Make LinkedIn Great Again

We’ve all seen the self-righteous status updates on LinkedIn about how the platform isn’t Facebook, that we shouldn’t be posting things like math problems, or what we ate for breakfast, and so on. I’ve been guilty of the same type of preaching. It’s almost impossible not to say something when your LinkedIn feed is full of religious memes, infuriating tropes of Republicans and Liberals alike, and weird pictures taken out of context with completely misrepresented captions.

But with all of the noise polluting the once wholesome networking platform of LinkedIn, another curious phenomenon is taking place. We are actively arguing with strangers about things we agree should not be discussed on the platform. Let that sink in for a minute, I’ll wait.

When you acknowledge someone’s click-bait comment and you and I are connected, it then shows up in my newsfeed. It’s a horrible, vicious, stupid cycle because now I have to read you explaining to someone (in what I’ve subconsciously attributed as an insanely prissy voice) how “LinkedIn is not Facebook and that type of thing doesn’t belong here”. Or, even worse, I get some weirdly construed viewpoint on why you disagree with the poster. In the absolutely worst case scenario, I find out that someone I’m connected with actually does agree with said nonsense.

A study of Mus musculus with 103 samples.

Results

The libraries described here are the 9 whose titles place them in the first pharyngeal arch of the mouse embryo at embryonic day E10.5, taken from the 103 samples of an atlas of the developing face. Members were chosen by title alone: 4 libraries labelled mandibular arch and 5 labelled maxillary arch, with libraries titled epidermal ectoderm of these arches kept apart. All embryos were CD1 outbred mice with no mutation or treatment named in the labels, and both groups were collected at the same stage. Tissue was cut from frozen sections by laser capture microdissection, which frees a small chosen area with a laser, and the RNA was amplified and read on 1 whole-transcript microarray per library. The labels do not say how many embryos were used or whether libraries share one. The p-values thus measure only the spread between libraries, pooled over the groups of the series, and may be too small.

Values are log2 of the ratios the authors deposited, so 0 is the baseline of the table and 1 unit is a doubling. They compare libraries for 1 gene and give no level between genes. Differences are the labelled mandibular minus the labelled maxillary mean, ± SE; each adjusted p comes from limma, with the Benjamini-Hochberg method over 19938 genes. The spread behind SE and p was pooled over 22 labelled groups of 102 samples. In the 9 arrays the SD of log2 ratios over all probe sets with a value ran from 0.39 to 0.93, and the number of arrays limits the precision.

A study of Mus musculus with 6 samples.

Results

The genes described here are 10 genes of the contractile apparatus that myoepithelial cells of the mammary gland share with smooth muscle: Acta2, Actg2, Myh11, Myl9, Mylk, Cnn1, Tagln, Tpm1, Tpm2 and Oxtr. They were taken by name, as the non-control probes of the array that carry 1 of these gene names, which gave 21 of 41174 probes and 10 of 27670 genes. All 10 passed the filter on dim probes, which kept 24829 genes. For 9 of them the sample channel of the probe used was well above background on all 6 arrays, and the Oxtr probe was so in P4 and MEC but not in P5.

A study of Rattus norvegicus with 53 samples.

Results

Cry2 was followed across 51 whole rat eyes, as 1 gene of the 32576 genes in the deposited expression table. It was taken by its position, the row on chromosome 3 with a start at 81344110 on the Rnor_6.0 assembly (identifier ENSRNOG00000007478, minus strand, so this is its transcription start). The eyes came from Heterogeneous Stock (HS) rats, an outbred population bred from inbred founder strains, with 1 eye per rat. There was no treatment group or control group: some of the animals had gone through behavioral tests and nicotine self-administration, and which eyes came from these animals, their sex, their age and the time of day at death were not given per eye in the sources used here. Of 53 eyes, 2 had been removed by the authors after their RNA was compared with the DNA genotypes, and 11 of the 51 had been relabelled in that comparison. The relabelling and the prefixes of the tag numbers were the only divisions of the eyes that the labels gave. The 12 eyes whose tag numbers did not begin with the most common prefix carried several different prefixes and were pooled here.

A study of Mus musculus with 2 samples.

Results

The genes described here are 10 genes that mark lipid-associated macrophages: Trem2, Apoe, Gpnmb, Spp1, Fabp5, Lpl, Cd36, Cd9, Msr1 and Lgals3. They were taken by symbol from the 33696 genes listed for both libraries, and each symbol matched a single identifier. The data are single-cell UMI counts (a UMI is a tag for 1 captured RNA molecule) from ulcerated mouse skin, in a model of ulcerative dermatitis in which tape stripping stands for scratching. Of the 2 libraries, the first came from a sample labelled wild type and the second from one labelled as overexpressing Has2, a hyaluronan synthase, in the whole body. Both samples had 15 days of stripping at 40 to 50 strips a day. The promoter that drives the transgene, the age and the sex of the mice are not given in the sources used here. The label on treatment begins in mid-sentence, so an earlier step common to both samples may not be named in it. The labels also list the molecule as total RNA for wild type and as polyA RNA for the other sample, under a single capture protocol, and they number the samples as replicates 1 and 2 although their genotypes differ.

Here’s the thing. First, do you really think that the person whose post you’re commenting on actually cares that LinkedIn is not Facebook and that they’ve committed some breach of etiquette? Of course not! By commenting you get sucked into this inane argument whereby you’ve just given someone what they want; the chance to ruffle your feathers! If it offends you, send that person a direct message or remove them as a connection. Way more satisfying!

Second, I don’t care and I want to continue to not care what you think about it. Whether you agree or disagree is none of my business. The beauty of the working world, and the long ago notion of LinkedIn, is that we all are networking together. Someone’s religious or political views don’t ever, EVER have to factor in to that relationship. In my working relationships, I don’t need to know whether you like the president, want stricter gun control laws or whatever. Why? Because I may feel strongly on those views and I don’t need to get into a useless argument about something that has no possible bearing on the work that I do.

Lastly, and I strongly believe this, maybe by ignoring the trolls and the haters we can make this platform what it should be; a professional networking site. By depriving these people of an audience we can ensure that viewpoints which should be kept private don’t have the chance to circulate. Please keep that in mind when you comment on someone’s senseless post. It’s not doing what you think it is, I promise.

P.S.

Anything you “like” shows up in your connections’ newsfeeds. That goes for math problems and dubious supermodel selfies. It’s worth thinking about your professional perception before hitting the thumbs up button.